I have a super power, and so do you. Within my fingertips, I hold the power to instantly make anyone feel anxiety. All it takes is a simple text. To ask a classmate when the next paper is due or tell a relative that I’m in a bad mood. I could inquire after a friend I haven’t seen in two years, even though I’ve never been curious enough to hit dial. But any super power has its downside, and technology is no exception.
The cell phone is just another fixture in our human tool belt to exhibit the automaticity that anxiety provokes. A tool that often functions like a third arm, where not having it within our reach is comparable to phantom limb syndrome. As a society, we’ve unlearned how to be alone. We can’t drive anywhere without reaching for our gadgets at red lights or sit in the dentist’s office and day dream about lunch.
When clinicians critique increasing cell phone use, their opinions are often seasoned with language of connectivity. We’re too connected, they cry, or not connected enough. The question absent from our language, however, is how we’re connected. Via text, we’re often communicating our immediate reactions to life. And reactions access the feeling part of ourselves rather than the part that can do the hard thinking.
This automatic functioning was great for survival in our evolutionary heritage, but not so great when we’re navigating a relationship instead of fleeing from predators. When we react, we often over-function rather than challenge others to take responsibility for themselves. We jerk a friend into an emotional triangle when we’re too distraught to confront another. We distance ourselves from family, but we also immerse ourselves in a togetherness that passes emotion from person to person like an apocalyptic epidemic.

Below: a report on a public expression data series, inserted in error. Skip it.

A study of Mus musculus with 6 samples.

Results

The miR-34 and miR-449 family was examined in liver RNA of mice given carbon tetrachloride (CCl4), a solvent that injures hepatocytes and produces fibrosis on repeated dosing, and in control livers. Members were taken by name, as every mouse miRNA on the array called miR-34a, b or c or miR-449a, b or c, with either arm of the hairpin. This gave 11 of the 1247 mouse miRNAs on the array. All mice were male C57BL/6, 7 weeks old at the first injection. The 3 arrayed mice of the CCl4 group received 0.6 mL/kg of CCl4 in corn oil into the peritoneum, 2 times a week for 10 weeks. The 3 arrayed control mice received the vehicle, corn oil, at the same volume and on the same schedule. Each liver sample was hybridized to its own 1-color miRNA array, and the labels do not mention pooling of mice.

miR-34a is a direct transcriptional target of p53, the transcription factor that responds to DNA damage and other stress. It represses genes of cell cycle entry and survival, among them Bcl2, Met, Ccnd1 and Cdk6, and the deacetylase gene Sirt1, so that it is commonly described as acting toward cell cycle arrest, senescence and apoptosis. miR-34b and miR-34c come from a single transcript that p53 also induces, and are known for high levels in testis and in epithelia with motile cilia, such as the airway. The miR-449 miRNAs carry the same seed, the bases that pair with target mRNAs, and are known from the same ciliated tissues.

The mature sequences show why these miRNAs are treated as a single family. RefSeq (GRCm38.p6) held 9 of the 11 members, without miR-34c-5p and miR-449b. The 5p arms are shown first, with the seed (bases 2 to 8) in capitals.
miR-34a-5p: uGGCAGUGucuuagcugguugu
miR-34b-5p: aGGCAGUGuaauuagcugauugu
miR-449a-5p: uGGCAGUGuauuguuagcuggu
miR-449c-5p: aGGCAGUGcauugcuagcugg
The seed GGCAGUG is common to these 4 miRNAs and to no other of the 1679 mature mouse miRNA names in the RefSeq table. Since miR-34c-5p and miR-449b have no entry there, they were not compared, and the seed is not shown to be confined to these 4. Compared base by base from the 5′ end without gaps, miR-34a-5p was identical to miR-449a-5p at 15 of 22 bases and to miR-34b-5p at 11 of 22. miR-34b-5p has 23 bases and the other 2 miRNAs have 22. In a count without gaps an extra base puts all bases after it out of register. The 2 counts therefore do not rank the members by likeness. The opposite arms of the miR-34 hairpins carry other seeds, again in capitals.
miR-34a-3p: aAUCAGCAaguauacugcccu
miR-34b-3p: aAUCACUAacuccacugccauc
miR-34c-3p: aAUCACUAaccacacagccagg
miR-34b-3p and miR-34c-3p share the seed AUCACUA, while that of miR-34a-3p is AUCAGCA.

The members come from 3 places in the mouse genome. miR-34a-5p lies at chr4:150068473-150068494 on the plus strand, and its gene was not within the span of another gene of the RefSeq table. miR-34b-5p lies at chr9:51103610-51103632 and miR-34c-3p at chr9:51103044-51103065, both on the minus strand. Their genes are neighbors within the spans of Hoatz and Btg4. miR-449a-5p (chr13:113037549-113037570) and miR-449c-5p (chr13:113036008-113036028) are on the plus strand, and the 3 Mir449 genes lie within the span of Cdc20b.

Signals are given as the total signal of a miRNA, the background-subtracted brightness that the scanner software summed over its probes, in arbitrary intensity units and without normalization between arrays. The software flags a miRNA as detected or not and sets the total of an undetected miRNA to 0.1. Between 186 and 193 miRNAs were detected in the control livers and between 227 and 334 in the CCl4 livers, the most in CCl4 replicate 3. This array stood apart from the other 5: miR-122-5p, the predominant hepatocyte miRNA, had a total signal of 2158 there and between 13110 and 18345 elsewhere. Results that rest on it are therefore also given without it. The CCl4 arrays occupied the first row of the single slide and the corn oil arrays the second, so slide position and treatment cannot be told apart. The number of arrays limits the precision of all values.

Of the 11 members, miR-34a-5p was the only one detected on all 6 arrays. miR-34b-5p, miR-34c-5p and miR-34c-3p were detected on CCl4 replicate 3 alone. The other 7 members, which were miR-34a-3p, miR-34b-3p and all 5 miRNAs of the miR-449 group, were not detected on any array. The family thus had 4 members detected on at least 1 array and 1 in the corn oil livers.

The ugliness of cell phone anxiety manifests itself worst in romantic relationships. Constant dialogue through texting leads to more diversity in interpretation than speech with tone and affect, making no space for a person to take responsibility for their own emotions. And when there’s no immediate response, the imagination takes over and anxiety is a monkey riding around on a person’s back until the phone chirps in response.
When I work with clients, I ask them to what it would look like for them to take responsibility for their own emotions when they’re alone. Texting is great for gathering quick facts from another person, but for conveying feeling, the action easily becomes the slice or prod of a weapon. Being able to sit with sadness is an invaluable tool for adulthood, and so is the ability to have a conversation with yourself. So wrap some crime scene tape around your emotions and don’t be afraid to play detective before you pin it on someone else. Don’t whip out your cell phone for sentencing before considering that you might be the culprit.
There are healthier methods of distraction that do not involve other people. Be mindful. Look up at the sky and sniff the air on a busy street corner. Be imaginative. Write some fiction in your head about your favorite TV characters. And if you need that human to human contact, hit dial. A phone call allows the other person control over when and where they can process with you. A text only ignites the spark of their own reactivity. You may not be patient zero, but you can be responsible enough to make space for your thoughts and quarantine the emotional creature within who demands immediacy. We’re our best selves when we have the space to think and the ability to sit comfortably in our own skin.